ATB Bucks Posted Rate Trend
ATB, Alberta’s largest lender, became a trailblazer this week by announcing the end of their posted mortgage rate practices. Their actions signal a renewed focus on customer awareness and mortgage guidance for the 75-year-old financial institution, and is being lauded by brokers as a step toward much-needed clarification for mortgage rate approvals.
Posted mortgage rates – the ‘as advertised’ option posted on the windows, if you will – are the banks’ best kept secret. Pumped artificially higher than the going market rate, lenders are often willing to offer consumers a lower option for mortgages – if they know enough to haggle. The idea behind posted rates is that they give the banks wiggle room to reward savvy or loyal customers with what appears to be a discounted preferred rate.
More Proof It Pays To Compare
However, the need for negotiation is lost on many consumers; not everyone is comfortable questioning their bank’s practices while others simply aren’t aware of these bait and switch tactics. As FIs claim mortgage education and guidance is part of their modus operandi, purposely misleading some consumers to spend more seems off course. According to a report from the Bank of Canada, as many as a quarter of bank consumers will be duped by the posted rate, and will pay it without asking twice. Those who knew enough to challenge the posted option saved every time – between $759 and $1, 617, to be exact.
Posted rates also place the rewarding of lower options at the discretion of individual lender mortgage specialists, creating an inconsistent and arbitrary system. It’s these “inefficient discretionary pricing models” that ATB is looking to debunk through their changes, according to Rob Bennet, ATB executive vice president of Retail Financial Services, adding that the lender’s focus has shifted to improving the quality of advice and service for consumers.
Posted Rates Lead To Penalty Confusion
Posted rates can also lead to higher penalties for consumers wishing to break or refinance their mortgage early, as they complicate the interest rate differential calculations (IRD) used by lenders when determining penalty payouts.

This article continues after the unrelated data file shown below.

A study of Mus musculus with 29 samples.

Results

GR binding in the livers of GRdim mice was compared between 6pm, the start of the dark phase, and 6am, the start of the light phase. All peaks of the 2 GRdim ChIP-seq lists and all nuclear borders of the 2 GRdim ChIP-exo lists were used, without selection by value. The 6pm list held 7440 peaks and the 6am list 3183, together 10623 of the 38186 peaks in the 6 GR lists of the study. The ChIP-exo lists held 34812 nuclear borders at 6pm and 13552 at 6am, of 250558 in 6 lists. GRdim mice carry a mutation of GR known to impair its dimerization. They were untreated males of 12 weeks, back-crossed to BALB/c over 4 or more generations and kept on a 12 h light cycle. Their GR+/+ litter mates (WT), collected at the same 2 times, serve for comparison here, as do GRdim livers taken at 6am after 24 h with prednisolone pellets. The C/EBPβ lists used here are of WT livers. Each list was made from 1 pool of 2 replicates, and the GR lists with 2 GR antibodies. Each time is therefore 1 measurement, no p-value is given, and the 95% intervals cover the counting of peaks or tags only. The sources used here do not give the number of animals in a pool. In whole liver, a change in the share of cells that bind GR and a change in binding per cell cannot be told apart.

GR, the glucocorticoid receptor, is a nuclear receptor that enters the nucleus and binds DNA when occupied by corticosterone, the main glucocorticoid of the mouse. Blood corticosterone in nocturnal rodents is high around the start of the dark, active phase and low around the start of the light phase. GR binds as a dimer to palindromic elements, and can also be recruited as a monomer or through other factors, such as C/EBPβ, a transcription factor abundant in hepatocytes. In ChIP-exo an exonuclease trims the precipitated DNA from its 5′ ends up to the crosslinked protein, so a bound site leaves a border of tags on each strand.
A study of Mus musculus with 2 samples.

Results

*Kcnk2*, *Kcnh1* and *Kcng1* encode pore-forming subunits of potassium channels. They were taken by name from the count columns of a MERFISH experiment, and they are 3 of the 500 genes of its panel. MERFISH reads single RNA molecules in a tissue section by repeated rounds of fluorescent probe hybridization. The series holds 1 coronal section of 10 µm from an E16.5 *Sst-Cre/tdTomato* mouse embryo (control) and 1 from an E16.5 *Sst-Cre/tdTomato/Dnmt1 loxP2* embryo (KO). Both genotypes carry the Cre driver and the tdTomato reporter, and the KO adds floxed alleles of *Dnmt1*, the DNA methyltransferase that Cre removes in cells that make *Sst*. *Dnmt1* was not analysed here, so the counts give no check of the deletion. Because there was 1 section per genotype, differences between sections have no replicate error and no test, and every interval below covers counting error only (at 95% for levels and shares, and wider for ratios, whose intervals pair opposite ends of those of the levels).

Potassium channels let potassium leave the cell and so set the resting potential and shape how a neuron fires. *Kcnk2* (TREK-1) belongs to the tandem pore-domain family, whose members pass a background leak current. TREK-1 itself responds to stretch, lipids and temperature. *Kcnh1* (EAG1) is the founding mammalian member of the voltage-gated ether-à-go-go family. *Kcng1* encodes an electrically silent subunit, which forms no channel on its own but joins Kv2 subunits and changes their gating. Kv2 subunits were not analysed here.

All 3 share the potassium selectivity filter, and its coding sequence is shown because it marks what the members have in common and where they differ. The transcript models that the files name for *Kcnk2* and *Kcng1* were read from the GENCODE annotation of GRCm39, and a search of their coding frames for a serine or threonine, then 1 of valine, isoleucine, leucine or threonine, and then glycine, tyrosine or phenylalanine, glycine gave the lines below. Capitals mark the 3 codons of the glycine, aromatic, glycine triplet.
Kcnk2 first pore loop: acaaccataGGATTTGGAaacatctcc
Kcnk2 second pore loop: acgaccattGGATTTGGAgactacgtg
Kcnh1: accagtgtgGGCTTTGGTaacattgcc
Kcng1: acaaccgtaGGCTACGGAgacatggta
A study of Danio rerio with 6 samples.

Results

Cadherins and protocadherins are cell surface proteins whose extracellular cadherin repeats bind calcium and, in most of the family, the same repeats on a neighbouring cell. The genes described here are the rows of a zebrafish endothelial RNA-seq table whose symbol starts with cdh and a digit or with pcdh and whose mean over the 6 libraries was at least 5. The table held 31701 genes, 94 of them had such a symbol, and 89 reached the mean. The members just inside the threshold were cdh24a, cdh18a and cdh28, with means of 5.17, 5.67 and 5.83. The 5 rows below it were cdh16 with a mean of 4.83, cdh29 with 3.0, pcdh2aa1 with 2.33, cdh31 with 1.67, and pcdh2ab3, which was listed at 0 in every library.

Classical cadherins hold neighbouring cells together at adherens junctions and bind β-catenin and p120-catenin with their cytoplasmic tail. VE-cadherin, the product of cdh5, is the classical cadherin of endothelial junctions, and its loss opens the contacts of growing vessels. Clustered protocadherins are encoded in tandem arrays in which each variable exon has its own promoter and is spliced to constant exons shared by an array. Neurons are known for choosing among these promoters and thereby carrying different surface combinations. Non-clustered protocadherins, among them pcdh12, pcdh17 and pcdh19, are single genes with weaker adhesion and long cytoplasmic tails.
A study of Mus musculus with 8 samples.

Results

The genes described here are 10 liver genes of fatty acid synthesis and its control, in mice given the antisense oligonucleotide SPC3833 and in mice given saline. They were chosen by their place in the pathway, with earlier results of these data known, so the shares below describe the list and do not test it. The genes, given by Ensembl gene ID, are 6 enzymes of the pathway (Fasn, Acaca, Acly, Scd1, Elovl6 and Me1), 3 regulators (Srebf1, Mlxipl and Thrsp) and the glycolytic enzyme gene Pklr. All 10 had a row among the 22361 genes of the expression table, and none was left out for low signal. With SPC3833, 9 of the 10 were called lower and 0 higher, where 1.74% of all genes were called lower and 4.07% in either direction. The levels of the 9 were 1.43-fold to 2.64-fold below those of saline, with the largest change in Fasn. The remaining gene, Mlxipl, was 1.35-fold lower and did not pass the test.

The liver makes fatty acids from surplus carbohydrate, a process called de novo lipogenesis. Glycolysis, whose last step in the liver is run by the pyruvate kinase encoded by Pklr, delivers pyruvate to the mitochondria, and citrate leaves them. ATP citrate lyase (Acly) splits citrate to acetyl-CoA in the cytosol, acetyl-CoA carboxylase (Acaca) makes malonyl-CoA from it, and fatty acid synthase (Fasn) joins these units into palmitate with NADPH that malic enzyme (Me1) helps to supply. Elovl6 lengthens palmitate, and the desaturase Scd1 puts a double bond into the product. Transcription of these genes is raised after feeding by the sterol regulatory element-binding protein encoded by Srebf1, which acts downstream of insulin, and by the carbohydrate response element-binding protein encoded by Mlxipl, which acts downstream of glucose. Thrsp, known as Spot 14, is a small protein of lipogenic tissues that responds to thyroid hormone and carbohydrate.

The IRD is the difference between the original interest rate secured by the borrower and the rates offered in the current mortgage market. Lenders use this difference to calculate how much of a loss in interest payments they would be taking on for the rest of the original mortgage term. Posted rates skew this calculation higher, forcing mortgage owners to pay larger penalties than otherwise obligated.
It was this imbalance that prompted the government to implement new clarification standards for calculating mortgage penalties this past spring. Titled the Code of Conduct for Federally Regulated Financial Institutions – Mortgage Prepayment Information, the changes indicate that lenders are responsible for alerting borrowers to the consequences of paying off or breaking their mortgage early, and how these charges will be calculated, along with mortgage advice hotlines, calculator tools and direct access to mortgage experts.
Will Posted Rates Be A Thing Of The Past?
While ATB is setting a great precedent, it remains to be seen just how Canada’s other large lenders will react. After all, with so many of their consumers willing to pay posted rates without question, they hardly have incentive to end these profitable practices. A consumer’s best defense is to be aware of their market options, be wary of the first option presented to them by lenders, and be willing to call the bank’s bluff. After all, what do you have to lose with a little negotiating, when the alternative is thousands more paid on your mortgage over time?
Checking In With This Week’s Mortgage Market Changes
As we previously reported, consumers should be aware of a recent change implemented by the crown corporation mortgage insurer. The CMHC has limited the amount of securitized mortgage funding to mortgage lenders at $350 million per month. As these secured funds are used by FIs as a main method of mortgage funding, experts are calling for a fixed mortgage rate increase, as banks make efforts to cover these costs. While lenders have yet to make the first move, home buyers and those reaching renewal should take note of this changing market climate, as it may soon be more challenging to afford a mortgage. For more detail, stay tuned for this month’s Mortgage Rate Outlook Panel, to be released early next week.
Week In Review
Another week with no mortgage rate changes. Will next week’s Best Mortgage Rates table paint a different picture? We’ll have to wait and see how these recent CMHC limitations will resonate throughout the market.